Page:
Main changes include an extension of ten days to the trapping season, particularly targeting Golden Plover, and a decrease in mesh size of nets used for Song Thrush. Trapping for both these species is still under Infringement Proceedings initiated by the European Commission (EC) in 2011.
Changes to the trapping legislation were initially presented at Ornis Committee meetings after it resulted that the Commission earlier this year had voiced a number of concerns with Maltese authorities over the manner the derogation was implemented in 2018.
Earlier in May 2019, BirdLife Malta presented its results from fieldwork carried out during the trapping season of 2018 to the EC’s Directorate-General for the Environment, which showed that 82.8% of surveyed trapping sites in 2018 were illegally targeting finches or other species not permitted by the derogation. 57.5% of surveyed trapping sites found to be active were also operating illegally in areas unauthorised by the Wild Birds Regulation Unit (WBRU). The last exercise was possible by comparing aerial photographs taken during the season, with locations published by WBRU.
Some of the measures that WBRU planned to address included a reduction in the maximum area for a trapping site targeting Song Thrush, and a reduction by 41 days dedicated to trapping Song Thrush. However, in subsequent meetings WBRU withdrew such proposals without any reasoning, a clear indication that discussions behind closed doors between the Government and the trapping lobby had taken place, with the Government giving in to the lobby’s pressure. Proposals that were finally forwarded and voted upon by Ornis Committee represented what the trapping lobby had insisted upon, and was not based on any conservation or scientific facts.
Overall the season has not seen any kind of reduction in trapping effort, rather this was increased.
Where previous trapping seasons were limited to the periods October to December, this year’s amendment to law has allowed the trapping season to be extended to the 10th of January. No particular studies indicating why such an extension was needed were presented to Ornis Committee, which outvoted BirdLife Malta in recommending the go-ahead to such a new measure.
The other major change has included a reduction in mesh size from 45mm x 45mm of the nets used in the 2018 season, to a 35mm x 35mm mesh that is being permitted to be used for Song Thrush. The change was enacted as a result of ‘complaints’ to WBRU, with Federation for Hunting & Conservation (FKNK) and hunting experts at Ornis Committee claiming that nets were resulting in more than 50% of ensnared thrushes escaping. No scientific evidence was ever made public or submitted to the Ornis Committee documenting the missed catches by trappers.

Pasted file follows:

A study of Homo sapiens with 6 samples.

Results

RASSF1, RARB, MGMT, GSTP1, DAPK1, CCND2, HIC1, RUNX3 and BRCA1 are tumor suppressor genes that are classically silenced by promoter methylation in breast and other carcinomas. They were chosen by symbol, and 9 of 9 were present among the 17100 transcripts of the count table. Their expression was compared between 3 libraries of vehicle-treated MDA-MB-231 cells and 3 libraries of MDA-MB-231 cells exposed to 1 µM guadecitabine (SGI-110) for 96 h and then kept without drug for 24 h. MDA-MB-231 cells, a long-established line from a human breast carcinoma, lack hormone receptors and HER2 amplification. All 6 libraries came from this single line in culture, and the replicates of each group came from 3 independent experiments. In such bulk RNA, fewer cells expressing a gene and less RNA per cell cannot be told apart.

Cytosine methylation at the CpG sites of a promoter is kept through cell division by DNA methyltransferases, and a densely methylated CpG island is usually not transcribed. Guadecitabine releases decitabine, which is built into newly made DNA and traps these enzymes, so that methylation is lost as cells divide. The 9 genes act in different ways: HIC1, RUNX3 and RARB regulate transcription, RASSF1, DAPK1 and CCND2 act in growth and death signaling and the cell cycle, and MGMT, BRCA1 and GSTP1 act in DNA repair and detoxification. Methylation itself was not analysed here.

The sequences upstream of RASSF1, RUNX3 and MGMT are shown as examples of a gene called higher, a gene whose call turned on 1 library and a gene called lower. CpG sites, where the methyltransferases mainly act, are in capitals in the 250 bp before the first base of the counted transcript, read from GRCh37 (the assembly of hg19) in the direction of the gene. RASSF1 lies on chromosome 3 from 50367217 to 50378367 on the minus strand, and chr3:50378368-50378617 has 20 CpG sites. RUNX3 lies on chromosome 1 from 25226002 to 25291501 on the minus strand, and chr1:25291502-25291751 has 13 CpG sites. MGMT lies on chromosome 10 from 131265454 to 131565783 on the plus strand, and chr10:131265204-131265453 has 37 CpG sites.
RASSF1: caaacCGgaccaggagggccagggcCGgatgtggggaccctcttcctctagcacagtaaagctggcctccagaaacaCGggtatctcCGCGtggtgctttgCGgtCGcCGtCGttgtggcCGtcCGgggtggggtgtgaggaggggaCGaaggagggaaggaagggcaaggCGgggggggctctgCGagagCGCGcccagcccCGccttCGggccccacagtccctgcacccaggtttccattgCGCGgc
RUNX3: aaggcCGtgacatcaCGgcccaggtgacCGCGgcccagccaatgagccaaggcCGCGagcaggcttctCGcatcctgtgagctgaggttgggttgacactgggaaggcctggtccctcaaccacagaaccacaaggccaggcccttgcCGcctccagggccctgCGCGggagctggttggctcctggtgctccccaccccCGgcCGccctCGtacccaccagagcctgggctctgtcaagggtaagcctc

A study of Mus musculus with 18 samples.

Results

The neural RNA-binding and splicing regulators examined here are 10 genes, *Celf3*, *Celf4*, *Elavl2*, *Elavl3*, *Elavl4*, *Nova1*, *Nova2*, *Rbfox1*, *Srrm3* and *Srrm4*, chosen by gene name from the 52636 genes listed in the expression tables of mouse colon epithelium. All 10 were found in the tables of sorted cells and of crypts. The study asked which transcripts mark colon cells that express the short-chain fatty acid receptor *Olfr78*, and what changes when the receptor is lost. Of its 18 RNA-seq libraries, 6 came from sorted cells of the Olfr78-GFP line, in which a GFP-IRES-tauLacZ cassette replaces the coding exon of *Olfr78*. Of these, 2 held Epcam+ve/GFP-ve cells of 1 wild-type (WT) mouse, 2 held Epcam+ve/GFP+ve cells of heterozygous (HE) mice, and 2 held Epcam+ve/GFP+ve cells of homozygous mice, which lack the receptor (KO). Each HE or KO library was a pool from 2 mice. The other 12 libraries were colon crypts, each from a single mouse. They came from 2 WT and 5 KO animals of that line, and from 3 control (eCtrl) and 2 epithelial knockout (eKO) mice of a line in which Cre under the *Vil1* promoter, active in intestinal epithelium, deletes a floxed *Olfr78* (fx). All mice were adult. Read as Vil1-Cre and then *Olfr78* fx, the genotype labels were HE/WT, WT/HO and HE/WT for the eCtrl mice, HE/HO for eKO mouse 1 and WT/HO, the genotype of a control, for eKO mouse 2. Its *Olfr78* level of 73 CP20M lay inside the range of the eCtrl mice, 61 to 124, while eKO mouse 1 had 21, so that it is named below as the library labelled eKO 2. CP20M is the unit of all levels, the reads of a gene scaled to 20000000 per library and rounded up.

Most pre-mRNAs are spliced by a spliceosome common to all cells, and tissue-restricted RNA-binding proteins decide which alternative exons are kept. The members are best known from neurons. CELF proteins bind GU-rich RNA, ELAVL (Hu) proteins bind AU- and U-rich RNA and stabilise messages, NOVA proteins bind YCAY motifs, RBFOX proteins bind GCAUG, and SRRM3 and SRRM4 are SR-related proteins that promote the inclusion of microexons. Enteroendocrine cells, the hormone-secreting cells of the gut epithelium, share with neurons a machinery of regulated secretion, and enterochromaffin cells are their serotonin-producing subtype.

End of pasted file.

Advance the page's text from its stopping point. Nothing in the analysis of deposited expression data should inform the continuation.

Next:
Ironically data collected by WBRU for the trapping season of 2018, showed 2018 as being the season with the most trapped Song Thrush recorded in recent years. Such data, apart from the fact that it is grossly under-represented, discredits claims that nets with a 45mm x 45mm mesh size were unsuitable last year.
Opening of season risks another ECJ referral
BirdLife Malta Conservation Manager Nicholas Barbara said: “With a trapping season in 2018 already having resulted in a good percentage of trapping sites operating illegally, the changes introduced this year – namely an extension to the days trappers are allowed to operate, and to make matters worse with the possibility of using nets with a finer mesh – will only add to an overall increased catch effort on Song Thrush, Golden Plover as well as allowing a greater possibility for trappers to illegally net finches, especially the larger species such as Hawfinch”.
Instead of ensuring stricter control, the measures enacted this year are only targeted to allow more trapping. Various issues remain unaddressed including the indiscriminate use of bird callers, and the insufficient coverage by police on Gozo and Malta to execute spot checks. A recommendation for the setting up of a Wildlife Crime Unit filed with the Hon. Clint Camilleri remains unacted upon.
BirdLife Malta reiterates its position that the trapping derogation remains unsustainable and calls on the Maltese Government to not risk Malta being taken back to the European Court of Justice (ECJ) just to appease a lobby which insists in opening trapping seasons irrespective of repercussions. Just last Friday, in a statement FKNK declared it will keep working with the Government to get back finch trapping and spring hunting of Turtle Dove. Such statements show nothing but an egoistic approach to the use of our countryside and the protection of wild birds.
Read the Maltese version of the press release here.